Let’s think this through

So Democratic presidential candidate Sen. Bernie Sanders wants to give all prisoners the right to vote. He said so during a recent campaign speech, much to the surprise of many. I was among them.

Sanders believes that “the right to vote is inherent to our democracy” and even “terrible people” like the Boston Marathon bomber should be allowed to participate. No other democratic candidate has gotten behind this idea, although several have said they support returning the right to vote to convicts after their release.

It is up to individual states to decide who can and cannot vote. In some states, convicted felons are never allowed to vote again. Other states require the newly released ex-con to apply for reinstatement to the voting rolls. Some make the applicant wait until after probation and/or parole is complete. Currently, only two states allow felons to cast ballots from behind bars: Sanders’ home state, Vermont, and the neighboring state Maine.

Am I the only one who sees a potential risk in Sanders’ idea? Let’s think this through by looking at the federal prison system as a snapshot. Currently, more than 45 percent of those incarcerated, in excess of 76,000 inmates, are held on drug-related crimes. If they were suddenly given the right to vote, would they be casting a ballot for the betterment of the country or in their own criminal self-interest? Don’t you think it would be likely that they would vote for the candidate they perceive as being softest on drugs and maybe soft on crime in general? More than 18 percent of federal inmates, more than 31,000, were convicted on gun, explosive or arson charges. Wouldn’t it stand to reason they would vote for candidates who campaigned against more gun laws? Is this really what we want?

I think when someone is convicted of breaking the law of the land, they cannot be trusted to vote for those who make the laws of the land. And besides that, think about the logistics involved in allowing incarcerated persons to vote. How would it work to accommodate the more-than-2 million people who now reside in federal, state, local, military and Indian Country lockups? (To be accurate, the majority of people held in local jails at any given time has not yet gone to trial, so they might still be able to vote via absentee ballot.) It would be inconceivable to haul voting machines in and out of all the nation’s jails and prisons. So, a monumental and costly process would have to be designed to get the right ballot to the right inmate at the right time.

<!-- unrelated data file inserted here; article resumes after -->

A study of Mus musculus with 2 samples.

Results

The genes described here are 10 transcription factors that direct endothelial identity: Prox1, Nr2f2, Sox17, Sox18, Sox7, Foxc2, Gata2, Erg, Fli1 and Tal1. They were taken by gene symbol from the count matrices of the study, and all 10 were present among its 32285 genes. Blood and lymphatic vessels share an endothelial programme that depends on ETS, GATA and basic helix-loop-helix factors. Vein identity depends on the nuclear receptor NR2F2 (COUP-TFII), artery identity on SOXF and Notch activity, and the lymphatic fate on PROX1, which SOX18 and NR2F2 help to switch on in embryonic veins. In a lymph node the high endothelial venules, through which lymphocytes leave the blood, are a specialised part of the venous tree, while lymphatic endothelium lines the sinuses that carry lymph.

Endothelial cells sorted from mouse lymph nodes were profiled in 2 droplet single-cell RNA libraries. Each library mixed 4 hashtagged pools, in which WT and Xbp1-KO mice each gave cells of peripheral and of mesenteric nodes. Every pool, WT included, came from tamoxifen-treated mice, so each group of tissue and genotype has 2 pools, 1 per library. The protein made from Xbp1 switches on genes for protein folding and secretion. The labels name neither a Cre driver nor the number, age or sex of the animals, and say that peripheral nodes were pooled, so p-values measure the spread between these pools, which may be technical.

Would convicts get to vote in state contests where they last held residency, or in the state in which they are incarcerated? And how would they educate themselves on what the candidates stand for? Will political parties be allowed to send lobbyists into prisons to stump for their candidates? And, finally, if the inmate has been convicted of crimes against the state or espionage against the nation, should they still be allowed to participate in our most sacred civil exercise?

Those who support Sanders’ idea are quick to remind that many other countries allow their prisoners to vote, including Canada, South Africa and Kenya. In Europe, prisoners in 26 countries have their voting rights protected by the European Convention on Human Rights. In Ukraine, voter education programs are offered to inmates so they can learn about the candidates’ policy platforms.

Aubrey Menarndt says America has it all wrong. She is an international elections monitor who has traveled the globe to observe how elections are conducted in other countries. Menarndt says she once watched election officials in the Republic of Georgia build “a makeshift bridge over a stream to reach the remote farm home of an elderly homebound voter.” That’s a touching story about the sanctity of every single vote, but I’m betting that elderly voter never murdered, raped or planted a bomb that killed innocent people.

Look, I’m not a person without empathy. I believe once a convict serves his or her time and assimilates safely back into society, he or she should be granted the right to vote again. Absolutely.

The United States went on an incarceration binge the last few decades, and as a result, more than 6 million Americans carry a current or former felony conviction on their record. Keeping them at arm’s length from the electoral process isn’t fair or productive. They should be welcomed back into society and given every opportunity to better their life. They already carry the burden of their conviction and the discrimination in housing, employment and social status that goes along with that. They should not be ostracized forever but rather greeted with restoration of the most important civic gift of all: The right to vote. It benefits us all to help restore ex-cons to full taxpaying status.

(Dimond is a columnist with Creators Syndicate.)